DEARBORN – Ford President and CEO Jim Hackett reassured a group of approximately 150 of the company’s retired engineering executives that Ford is making progress in delivering on its strategy at a recent gathering at the Dearborn Inn.
“The company is in great shape,” said Hackett, recapping his presentation from a recent meeting with Ford dealers. “It’s not 2008 all over again, but some things have happened since then that I wish we had done differently.”
For instance, Ford’s vehicle lineup has the highest average age in the industry due to deferments in new products in recent years. And like its product portfolio, Ford’s business is overdue for a restructure. Hackett then went on to explain the company’s fitness redesign.
Unlike the other Detroit Three automakers, Ford emerged from the recession with a new portfolio of vehicles, but GM and Chrysler became better competitors because the bankruptcy process forced them to reorganize their operations, he said.
“Every business in the world goes through transitions or changes where they completely redesign the business,” he said. “I’m trying to get our people to step back and say ‘Do we have the right design?’”
Hackett said Ford has been “losing our shirts in cars” for years. Now, with an emphasis on crossovers, SUVs and trucks, Ford is focusing on the types of vehicles the market is demanding. “We’re doubling down on silhouettes that make money,” he said, adding the change will ultimately result in Ford and its dealers having more products to offer customers.
In discussing the fitness of Ford’s business, Hackett explained how it took 81 days – the same standard that existed decades ago – for his wife to take delivery of her new Mustang. The process was delayed an additional 15 days due to a recall, forcing them to wait a total of 96 days for delivery.
“There is no business in the world whose clock speed isn’t faster in the last 20 years,” he said.
Hackett talked about how the Fusion team has come together and found a way to reduce orderable configurations on the 2019 model from more than 1,900 to approximately 30. This not only has simplified the ordering process for dealers and customers, it has helped Ford streamline the manufacturing process, improving global order-to-delivery time by 63 percent.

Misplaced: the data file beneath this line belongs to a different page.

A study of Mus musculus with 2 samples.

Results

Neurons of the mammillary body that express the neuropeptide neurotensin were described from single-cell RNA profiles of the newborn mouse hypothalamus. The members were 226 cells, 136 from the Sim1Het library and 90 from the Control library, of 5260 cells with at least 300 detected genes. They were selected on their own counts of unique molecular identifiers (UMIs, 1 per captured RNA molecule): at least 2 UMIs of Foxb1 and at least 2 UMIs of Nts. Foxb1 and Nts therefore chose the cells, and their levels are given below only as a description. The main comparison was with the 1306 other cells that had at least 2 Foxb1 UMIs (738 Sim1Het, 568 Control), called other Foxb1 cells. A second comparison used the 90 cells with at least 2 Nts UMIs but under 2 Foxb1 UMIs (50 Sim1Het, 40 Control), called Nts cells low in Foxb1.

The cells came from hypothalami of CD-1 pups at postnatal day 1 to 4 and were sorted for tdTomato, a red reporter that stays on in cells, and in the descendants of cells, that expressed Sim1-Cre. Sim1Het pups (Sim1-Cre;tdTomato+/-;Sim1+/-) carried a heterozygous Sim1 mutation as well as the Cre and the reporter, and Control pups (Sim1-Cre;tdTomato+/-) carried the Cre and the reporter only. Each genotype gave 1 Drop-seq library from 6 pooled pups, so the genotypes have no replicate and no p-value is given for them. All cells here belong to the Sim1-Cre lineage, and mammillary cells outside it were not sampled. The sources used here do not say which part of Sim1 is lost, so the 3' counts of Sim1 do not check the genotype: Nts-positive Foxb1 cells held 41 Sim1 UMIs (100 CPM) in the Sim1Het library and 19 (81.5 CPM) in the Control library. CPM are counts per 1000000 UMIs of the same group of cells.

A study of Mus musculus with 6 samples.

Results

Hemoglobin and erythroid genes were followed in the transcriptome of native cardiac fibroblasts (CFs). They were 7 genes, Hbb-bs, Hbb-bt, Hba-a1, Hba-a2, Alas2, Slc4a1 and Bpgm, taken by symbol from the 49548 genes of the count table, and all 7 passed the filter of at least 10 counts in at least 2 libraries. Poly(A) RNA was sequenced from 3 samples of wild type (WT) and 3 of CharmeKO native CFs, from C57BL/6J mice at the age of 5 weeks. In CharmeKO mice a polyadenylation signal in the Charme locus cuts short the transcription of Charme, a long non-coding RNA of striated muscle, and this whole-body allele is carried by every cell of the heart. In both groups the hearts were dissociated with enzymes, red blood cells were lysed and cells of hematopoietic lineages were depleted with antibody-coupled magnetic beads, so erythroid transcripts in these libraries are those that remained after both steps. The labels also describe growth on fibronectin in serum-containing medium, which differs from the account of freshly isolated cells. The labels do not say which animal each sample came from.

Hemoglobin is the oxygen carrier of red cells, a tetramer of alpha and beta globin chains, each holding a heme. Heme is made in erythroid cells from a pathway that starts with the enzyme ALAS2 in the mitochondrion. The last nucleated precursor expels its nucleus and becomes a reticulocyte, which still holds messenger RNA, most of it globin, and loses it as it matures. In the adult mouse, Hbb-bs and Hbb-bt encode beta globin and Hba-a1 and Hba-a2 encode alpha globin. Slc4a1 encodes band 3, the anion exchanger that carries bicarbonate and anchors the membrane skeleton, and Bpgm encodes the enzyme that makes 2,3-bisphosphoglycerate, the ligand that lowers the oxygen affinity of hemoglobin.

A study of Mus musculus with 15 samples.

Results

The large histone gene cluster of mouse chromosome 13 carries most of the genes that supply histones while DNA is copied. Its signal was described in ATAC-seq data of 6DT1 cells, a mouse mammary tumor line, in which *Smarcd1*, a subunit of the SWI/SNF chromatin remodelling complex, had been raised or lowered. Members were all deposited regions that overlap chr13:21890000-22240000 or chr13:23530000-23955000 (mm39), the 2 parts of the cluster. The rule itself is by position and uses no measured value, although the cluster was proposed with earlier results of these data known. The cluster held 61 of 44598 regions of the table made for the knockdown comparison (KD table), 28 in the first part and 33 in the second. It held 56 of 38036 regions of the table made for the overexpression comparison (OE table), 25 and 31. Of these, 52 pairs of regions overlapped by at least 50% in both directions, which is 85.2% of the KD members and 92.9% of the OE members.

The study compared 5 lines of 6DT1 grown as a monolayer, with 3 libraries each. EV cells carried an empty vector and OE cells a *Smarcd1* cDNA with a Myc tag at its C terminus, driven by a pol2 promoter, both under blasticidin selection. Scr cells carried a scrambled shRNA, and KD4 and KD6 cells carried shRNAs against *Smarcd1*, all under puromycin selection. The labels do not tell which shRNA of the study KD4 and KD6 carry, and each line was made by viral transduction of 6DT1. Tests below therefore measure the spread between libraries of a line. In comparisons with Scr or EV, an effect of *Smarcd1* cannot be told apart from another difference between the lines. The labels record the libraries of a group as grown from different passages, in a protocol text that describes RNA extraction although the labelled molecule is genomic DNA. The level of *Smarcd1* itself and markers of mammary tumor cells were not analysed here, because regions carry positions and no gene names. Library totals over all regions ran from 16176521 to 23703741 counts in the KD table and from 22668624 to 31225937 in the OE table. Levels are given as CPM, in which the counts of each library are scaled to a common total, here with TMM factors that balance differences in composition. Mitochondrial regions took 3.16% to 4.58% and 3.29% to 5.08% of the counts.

Hackett said the Enterprise Product Line Management team has been created to address user experience. One area where it could make an impact is in gaining insights into things such as regional preferences for features like third-row seating and infotainment screen size. He also touted Ford’s progress in autonomous vehicle development, while cautioning against the hype surrounding the implementation and eventual mass adoption of self-driving vehicles.
“It’s further away than the world knows and Ford is going to be significantly stronger,” he said, while spotlighting Ford’s recent self-driving vehicle experience held in Miami.
Attendees got to spend about 20 minutes asking Hackett questions on a range of topics from potential collaboration with Volkswagen, Ford’s Dearborn campus transformation, the return of the Ford Ranger to North America and the return of the Ford Bronco.
Former product development manager George Magro, who retired in 2005, enjoys attending the group’s monthly get-togethers, which often feature company leadership as guest speakers.
“There’s a lot of questions we have as former leaders that are difficult to answer because they can be very convoluted,” said Magro. “I am very proud of my company now and I was very proud of it then. That’s why I continue to come to things like this because these are important communication levels for those of us who really care about this company.”